The Royal Wedding is upon us! So many questions in the air: what will the colour scheme be, who will be there and will it have 4 seasons in one day as per the usual in the UK? But the real question that’s burning on simply everyone’s mind is ‘could Megan not save herself lots of stress regarding the seating arrangements if she used a custom iOS app rather than fretting on the day?’ The answer to ‘one’s’ question is of course yes darling!

Let’s imagine that Megan has two options for the app and how the code operates under the hood: for some guests she wants to simply hand them over to the concierge to show them to their seat. However for some special guests she wants a custom seating experience unique to them: you know, where they maybe have a string quartet that dramatically changes the music for them when they walk to their seat and then, just when they notice, the quartet casually switches the music back so that the guests don’t really know what’s going on? Exactly! Cool right? And all whilst Megan enjoys sipping a glass of vintage champagne.

If we talk in code now with this narrative, there are two ways we can separate the work out whilst also learning a bit about the differences between passing a customisable closure to a method and the method returning another method we can pass a customisable parameter to. It boils down to: do you want the ‘takeASeat’ method to be able to take a unique closure (experience) for that user or do you want the ‘takeASeat’ method to do all of the table preparations and simply be passed a guest for the usual seating experience?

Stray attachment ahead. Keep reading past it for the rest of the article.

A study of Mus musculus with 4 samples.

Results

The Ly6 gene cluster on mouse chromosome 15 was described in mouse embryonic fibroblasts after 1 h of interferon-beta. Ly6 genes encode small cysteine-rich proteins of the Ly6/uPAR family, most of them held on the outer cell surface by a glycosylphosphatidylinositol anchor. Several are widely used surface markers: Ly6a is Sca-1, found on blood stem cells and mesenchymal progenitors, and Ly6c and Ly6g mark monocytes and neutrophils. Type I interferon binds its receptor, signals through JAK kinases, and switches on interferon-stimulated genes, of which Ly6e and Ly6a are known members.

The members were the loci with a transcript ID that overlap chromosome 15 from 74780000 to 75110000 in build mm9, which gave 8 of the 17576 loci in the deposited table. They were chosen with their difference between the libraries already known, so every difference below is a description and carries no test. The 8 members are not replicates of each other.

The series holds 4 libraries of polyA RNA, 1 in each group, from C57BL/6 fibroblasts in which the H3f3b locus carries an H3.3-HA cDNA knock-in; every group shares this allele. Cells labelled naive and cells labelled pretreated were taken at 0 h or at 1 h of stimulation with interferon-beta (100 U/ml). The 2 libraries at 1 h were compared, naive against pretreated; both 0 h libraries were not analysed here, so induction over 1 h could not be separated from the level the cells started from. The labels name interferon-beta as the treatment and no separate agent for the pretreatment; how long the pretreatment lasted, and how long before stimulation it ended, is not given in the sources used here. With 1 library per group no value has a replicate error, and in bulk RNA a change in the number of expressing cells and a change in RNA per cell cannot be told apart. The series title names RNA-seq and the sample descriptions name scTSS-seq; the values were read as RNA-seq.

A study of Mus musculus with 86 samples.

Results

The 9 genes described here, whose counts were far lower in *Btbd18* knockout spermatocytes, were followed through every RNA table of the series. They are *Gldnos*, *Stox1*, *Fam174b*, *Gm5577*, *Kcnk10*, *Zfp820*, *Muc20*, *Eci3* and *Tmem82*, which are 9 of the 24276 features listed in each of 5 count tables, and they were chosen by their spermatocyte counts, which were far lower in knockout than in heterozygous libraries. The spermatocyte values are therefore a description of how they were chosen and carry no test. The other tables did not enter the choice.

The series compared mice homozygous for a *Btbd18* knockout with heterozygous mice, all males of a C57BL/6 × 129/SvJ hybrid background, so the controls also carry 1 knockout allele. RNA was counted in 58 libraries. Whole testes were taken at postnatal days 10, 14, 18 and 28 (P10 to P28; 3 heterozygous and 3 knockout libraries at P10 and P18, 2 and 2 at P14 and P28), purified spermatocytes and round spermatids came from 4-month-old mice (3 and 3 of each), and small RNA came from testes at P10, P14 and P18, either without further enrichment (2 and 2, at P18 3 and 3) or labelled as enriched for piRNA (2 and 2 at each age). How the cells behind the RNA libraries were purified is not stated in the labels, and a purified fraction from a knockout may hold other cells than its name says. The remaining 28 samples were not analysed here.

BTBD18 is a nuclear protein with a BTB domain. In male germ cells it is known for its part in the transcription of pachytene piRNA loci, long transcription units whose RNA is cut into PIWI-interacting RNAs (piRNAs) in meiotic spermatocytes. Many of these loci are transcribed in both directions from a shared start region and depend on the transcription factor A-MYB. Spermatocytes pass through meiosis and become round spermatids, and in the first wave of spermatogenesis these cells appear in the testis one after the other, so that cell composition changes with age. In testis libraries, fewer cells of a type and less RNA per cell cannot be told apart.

I love how realistic this example is and I hope they got a deal on this app…

Let’s begin by making a guest struct for our wedding guests:


    var hatChoice: Int
    var isDistinguistedGuest: Bool
}

Let’s begin with the usual seating arrangement: the one where the method does all the standard prep, doesn’t need special customisation and just wants to be handed a guest and their lovely hat to seat them:


func takeASeat() -> StandardSeatingArrangement {
    return { standardGuest in
        // Take guest to their seat in the normal way - they should still be happy to be at the wedding though!
    }
}

Here we’re returning a function from the original preparation function that expects a guest and seats them. The thing we can customise here is the guest/parameter.

Let’s call it now to seat our guest and see it in action!



let standardSeatPrep = takeASeat()
// Do stuff and call this later
standardSeatPrep(standardGuest)

Now let’s look at the special seating arrangement for guests where we do some preparation, then get passed a unique ‘experience’ method to make it customisable to them:


func takeASeat(_ guest: WeddingGuest, with arrangment: @escaping SpecialSeatingArrangment) {
    // Tell the quartet to get ready
    // Once they give you the nod then...
    arrangment(guest)
}

Here we’re passing in the guest in the parameters at the start and the customisable part is the closure/callback itself. This is much more flexible of that is what you want. I know I want that string quartet playing the Game of Thrones theme while I skip to my seat!



takeASeat(specialGuest) { special in
    print("Do something marvelous for the guest")
}

You see there are advantages to both approaches here and its a question of: do you want to be able to have a customisable closure or callback and make the method more flexible, or do you want your function to behave more like a unique type of it’s own and just be handed a parameter at the end?

WAIT! Did you just inflict Functional Programming on me without me realising it? Yes darling, one just did.